We awoke in Davis Bayou Campground (click here to read our review) to another sunny day. A squirrel scampered up the trunk of the big pine tree outside the window, then settled in the nook of a twisted, woody vine and groomed his fluffy tail. What a pleasant start to our lazy Sunday.
Since we arrived on Wednesday, each day has included exploration of the small, historic, towns along Highway 90, the beach front road along the Gulf Coast of Mississippi from Waveland and Bay St. Louis on the west end to Ocean Springs on the east (where we are staying). The meticulously maintained, litter-free, sparkling white man-made beaches are glorious, and the history of this area is fascinating… and over it all hangs the story of the recent devastation by Katrina in 2005.
Though New Orleans garnered the biggest media coverage after Katrina, Waveland and adjoining Bay St. Louis were ground zero when Katrina made landfall. The two towns were almost completely destroyed, homes, churches, and commercial buildings swept right off of their foundations and leveled. The 2-mile bridge between Bay St. Louis and Pass Christian, the next small town to the east, was destroyed, as was most of Pass Christian.
On Saturday, we drove the entire 35 miles stretch, from Ocean Springs to Waveland. We crossed two huge, 2 mile long bridges (both new replacements for those destroyed by Katrina), and passed mile after mile of beachfront property stripped clean of the lovely antebellum homes that fell victim to the hurricane.
Above: a typical scene of driveways to nowhere, homes swept away by Katrina.
Below: the new Biloxi Bridge (2 miles long), built since Katrina destroyed the old one.
Biloxi is the largest city along this stretch of coastline, and the devastation here is difficult to comprehend. Gambling is the main business in Biloxi, and several major hotel/casinos were located here. Although the casinos began rebuilding immediately after Katrina and have long been back in business, ruins of casino parking structures still exist, huge rusty hulks awaiting removal or rebuilding. Along miles and miles of beachfront, driveways go to empty lots, to broken brick or wooden pillars, or to front stairways that are all that survived the destruction of the home.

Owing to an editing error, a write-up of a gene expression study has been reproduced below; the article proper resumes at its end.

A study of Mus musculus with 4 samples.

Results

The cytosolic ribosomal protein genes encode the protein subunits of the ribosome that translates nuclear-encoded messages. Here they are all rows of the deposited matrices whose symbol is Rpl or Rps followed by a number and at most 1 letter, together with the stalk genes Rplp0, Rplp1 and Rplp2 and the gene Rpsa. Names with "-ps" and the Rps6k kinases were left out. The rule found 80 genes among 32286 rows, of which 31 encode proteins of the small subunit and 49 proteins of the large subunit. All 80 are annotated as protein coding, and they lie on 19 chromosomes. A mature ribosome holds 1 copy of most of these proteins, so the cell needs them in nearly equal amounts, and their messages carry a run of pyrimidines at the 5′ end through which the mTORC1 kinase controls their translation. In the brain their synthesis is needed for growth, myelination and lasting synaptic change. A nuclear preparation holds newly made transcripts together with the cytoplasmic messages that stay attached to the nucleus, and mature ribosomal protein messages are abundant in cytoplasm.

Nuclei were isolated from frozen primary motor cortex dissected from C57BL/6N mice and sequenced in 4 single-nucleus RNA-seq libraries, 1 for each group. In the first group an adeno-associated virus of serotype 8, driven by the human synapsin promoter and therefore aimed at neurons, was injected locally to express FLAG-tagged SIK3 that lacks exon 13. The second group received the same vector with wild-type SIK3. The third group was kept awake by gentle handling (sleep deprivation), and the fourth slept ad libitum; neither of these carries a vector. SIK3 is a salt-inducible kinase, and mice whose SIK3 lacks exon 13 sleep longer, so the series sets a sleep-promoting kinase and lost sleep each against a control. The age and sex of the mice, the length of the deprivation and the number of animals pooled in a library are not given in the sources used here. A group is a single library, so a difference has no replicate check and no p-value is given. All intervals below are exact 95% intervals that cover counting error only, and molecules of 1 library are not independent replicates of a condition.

On trips through the Biloxi casino row earlier this week, we had noticed an area of “ruins” that interested us both, on the “water side” of Highway 90. As we headed back to the east from Bay St. Louis yesterday, we decided to pull into the area, a huge bumpy mix of concrete, broken asphalt roads, and sand, enclosing a large rectangle of sea water lined on one end with gigantic metal structures. What was it?
Many other cars and visitors were already out on this odd spot, some walking, some taking photos, some fishing. The first two people we asked were, like us, curious out-of-towners who didn’t know diddley. The third? We hit the jackpot.
Our fisherman “docent” was a local who lived in Biloxi when Katrina hit. He was genial and full of stories, willing and able to answer every question we had and full of fascinating anecdotes. This is what we learned about the ruins on which we stood (photos above), the site of the now non-existent President Casino and Broadwater Marina.
Under Mississippi law pre-Katrina, casinos had to be located “offshore”, so each casino was built on a giant floating barge. In most cases, they were moored adjacent to a resort hotel. In the case of the President resort, the hotel (and a golf course) was on beachfront property. Across the beach from the hotel, huge concrete piers enclosed a large marina. The President casino floated on its barge at the far end of the marina (photo below, left).
As Katrina pushed the storm surge onto land, the casino barges floated up off of their moorings and traveled inland on the water, crushing homes and businesses as they landed. The President casino landed on top of a Quality Inn, according to our informant. The hotel and golf course were also destroyed. All that is left now are the concrete piers that surrounded the marina and the large flat area what provided parking for the casino.
The President Casino Broadwater Resort and Marina pre-Katrina
The casino barge, torn from it's moorings, ended up 1/2 miles west, across Hwy 90.
His stories and the sights we saw as we drove along Hwy 90 were so fascinating and poignant that I spent a couple hours poring over photos and accounts of the damage done to these interesting old towns once I was back in front of the computer. Though the occasional news story reminds us from time to time that New Orleans didn’t suffer the brunt of Katrina’s damage, it was never “real” for me – I couldn’t picture the Mississippi gulf coast, and had no context for understanding. Yesterday opened my eyes, and I am amazed by the progress these small towns have made in their recovery. Nonetheless, they will NEVER recover completely; too many beautiful and historic buildings were totally lost or damaged beyond repair.
We’ve had a GREAT time here in Ocean Springs, and I hope we’ll be back. If any of you are in the market for beach front property in a fascinating area, come on down!